ASU Football Team Harassed for Mourning Loss of Teammates

Sep 11, 2014

Jonesboro, AR— When Arkansas State University football team tragically lost two teammates, the athletes decided to mourn their loss by adding a small vinyl cross and the lost teammates’ initials to their helmets. However, Jonesboro, Arkansas, attorney Louis Nisenbaum complained that the student-initiated memorial was akin to Congress establishing a religion, and ASU Counsel Lucinda McDaniel told the players to cut the bottom of the cross off, so that it resembles a “plus sign.”

“After fighting for students’ rights for many years, nothing should surprise me, but I am appalled that someone would harass these young people as they mourn the deaths of their teammates,” said Mat Staver, Founder and Chairman of Liberty Counsel. “I am saddened that the university did not stand up for their rights. These young people have done nothing wrong! They have as much right to communicate their ideas--or in this case, their grief--as the attorney who somehow feels offended by the small vinyl crosses they are wearing on their helmets.”

The Supreme Court has ruled in favor of students in a similar case, “In our system, state-operated schools may not be enclaves of totalitarianism. School officials do not possess absolute authority over their students. Students in schools as well as out of school are ‘persons’ under our Constitution. They are possessed of fundamental rights which the State must respect, just as they themselves must respect their obligations to the State. In our system, students may not be regarded as closed-circuit recipients of only that which the State chooses to communicate. They may not be confined to the expression of those sentiments that are officially approved. In the absence of a specific showing of constitutionally valid reasons to regulate their speech, students are entitled to freedom of expression of their views” (Tinker v. Des Moines Independent Community School District).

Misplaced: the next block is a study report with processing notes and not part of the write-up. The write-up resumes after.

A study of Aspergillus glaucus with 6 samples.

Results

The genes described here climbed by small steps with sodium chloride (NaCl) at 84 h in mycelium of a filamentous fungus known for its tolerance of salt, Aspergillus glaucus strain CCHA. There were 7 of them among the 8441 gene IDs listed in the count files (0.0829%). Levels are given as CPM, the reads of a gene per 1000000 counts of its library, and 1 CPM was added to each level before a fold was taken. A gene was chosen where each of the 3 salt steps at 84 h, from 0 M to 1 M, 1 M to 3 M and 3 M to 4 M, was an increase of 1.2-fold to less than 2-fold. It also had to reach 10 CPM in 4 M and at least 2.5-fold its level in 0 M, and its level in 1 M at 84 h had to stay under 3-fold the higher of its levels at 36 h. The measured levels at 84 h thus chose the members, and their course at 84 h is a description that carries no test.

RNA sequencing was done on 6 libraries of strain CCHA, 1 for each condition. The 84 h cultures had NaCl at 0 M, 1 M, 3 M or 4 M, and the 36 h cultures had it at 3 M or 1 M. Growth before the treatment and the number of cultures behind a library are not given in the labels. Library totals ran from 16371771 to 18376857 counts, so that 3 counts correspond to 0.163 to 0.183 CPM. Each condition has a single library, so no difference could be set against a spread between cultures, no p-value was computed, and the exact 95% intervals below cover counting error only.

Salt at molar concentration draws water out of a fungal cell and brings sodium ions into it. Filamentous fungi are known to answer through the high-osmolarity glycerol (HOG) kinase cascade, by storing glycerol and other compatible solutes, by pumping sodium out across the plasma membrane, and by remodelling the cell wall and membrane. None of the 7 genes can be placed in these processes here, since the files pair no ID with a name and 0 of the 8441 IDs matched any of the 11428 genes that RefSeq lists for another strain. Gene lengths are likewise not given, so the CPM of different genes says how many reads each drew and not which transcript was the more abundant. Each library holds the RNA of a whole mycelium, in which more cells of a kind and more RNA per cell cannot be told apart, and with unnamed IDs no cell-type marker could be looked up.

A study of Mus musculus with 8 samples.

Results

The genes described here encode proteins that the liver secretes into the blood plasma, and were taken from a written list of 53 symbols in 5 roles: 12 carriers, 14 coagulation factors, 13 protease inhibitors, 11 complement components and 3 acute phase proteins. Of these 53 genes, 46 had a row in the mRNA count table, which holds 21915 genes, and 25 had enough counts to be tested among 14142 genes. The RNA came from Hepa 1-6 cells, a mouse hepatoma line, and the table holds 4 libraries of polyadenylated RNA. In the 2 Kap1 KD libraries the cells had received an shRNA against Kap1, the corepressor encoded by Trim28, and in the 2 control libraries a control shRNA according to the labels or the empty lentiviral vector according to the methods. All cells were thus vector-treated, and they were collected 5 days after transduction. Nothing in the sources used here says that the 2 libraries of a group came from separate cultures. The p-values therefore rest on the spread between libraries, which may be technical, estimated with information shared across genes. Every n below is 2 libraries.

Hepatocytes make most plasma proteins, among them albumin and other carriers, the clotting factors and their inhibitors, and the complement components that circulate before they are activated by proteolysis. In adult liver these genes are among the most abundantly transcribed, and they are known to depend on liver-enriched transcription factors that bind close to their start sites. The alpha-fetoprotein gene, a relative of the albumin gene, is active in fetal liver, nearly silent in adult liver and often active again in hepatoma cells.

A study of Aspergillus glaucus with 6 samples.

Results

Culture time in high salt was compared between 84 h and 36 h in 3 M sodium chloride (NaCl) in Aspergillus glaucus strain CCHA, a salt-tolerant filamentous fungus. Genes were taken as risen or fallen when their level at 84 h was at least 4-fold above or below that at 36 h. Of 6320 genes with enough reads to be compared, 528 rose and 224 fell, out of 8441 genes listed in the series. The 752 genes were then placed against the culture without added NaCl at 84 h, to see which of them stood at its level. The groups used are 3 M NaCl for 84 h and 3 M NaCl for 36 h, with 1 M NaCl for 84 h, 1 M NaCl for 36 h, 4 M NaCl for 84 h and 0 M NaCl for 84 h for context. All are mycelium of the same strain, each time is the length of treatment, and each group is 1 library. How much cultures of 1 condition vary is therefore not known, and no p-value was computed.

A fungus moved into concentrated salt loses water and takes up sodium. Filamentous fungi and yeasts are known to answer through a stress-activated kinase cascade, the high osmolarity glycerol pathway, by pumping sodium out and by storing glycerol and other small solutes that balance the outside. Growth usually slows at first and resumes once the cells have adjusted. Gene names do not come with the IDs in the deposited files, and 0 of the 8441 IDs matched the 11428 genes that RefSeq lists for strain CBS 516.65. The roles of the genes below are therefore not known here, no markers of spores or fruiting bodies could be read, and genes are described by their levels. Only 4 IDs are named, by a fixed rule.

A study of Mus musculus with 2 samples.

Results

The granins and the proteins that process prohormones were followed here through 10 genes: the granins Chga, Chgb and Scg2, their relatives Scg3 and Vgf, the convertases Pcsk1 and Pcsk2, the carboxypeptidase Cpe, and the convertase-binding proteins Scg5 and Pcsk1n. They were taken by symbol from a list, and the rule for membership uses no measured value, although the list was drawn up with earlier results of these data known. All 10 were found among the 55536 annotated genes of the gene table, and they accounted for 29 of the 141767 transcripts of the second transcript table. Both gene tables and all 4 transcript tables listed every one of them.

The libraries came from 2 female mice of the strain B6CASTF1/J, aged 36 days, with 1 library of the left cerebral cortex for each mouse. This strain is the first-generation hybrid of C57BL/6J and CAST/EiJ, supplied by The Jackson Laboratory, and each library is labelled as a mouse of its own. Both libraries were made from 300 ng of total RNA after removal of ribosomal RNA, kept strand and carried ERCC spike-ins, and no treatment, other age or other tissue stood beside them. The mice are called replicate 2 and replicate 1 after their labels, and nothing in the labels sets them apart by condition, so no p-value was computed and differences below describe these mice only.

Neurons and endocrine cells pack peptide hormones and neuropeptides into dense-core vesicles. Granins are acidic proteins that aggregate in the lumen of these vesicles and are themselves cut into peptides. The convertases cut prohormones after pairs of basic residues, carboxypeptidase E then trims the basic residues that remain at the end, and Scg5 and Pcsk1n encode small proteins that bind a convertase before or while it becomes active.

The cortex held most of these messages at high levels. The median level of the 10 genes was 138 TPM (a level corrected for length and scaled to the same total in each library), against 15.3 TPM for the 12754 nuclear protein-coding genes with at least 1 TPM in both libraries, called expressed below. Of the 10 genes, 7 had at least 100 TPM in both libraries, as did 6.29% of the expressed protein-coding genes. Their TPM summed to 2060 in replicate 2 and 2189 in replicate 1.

“The university should immediately rescind the unconstitutional directive suppressing private student expression in the form of crosses on individual players' helmets,” Liberty Counsel said in a letter to Arkansas State University Chancellor Tim Hudson. “If the University abides by the Constitution, and is later called into question, Liberty Counsel would be pleased to present a united defense of both the University for respecting individual rights, and the players' individual First Amendment rights.”

Liberty Counsel is an international nonprofit, litigation, education, and policy organization dedicated to advancing religious freedom, the sanctity of life, and the family since 1989, by providing pro bono assistance and representation on these and related topics.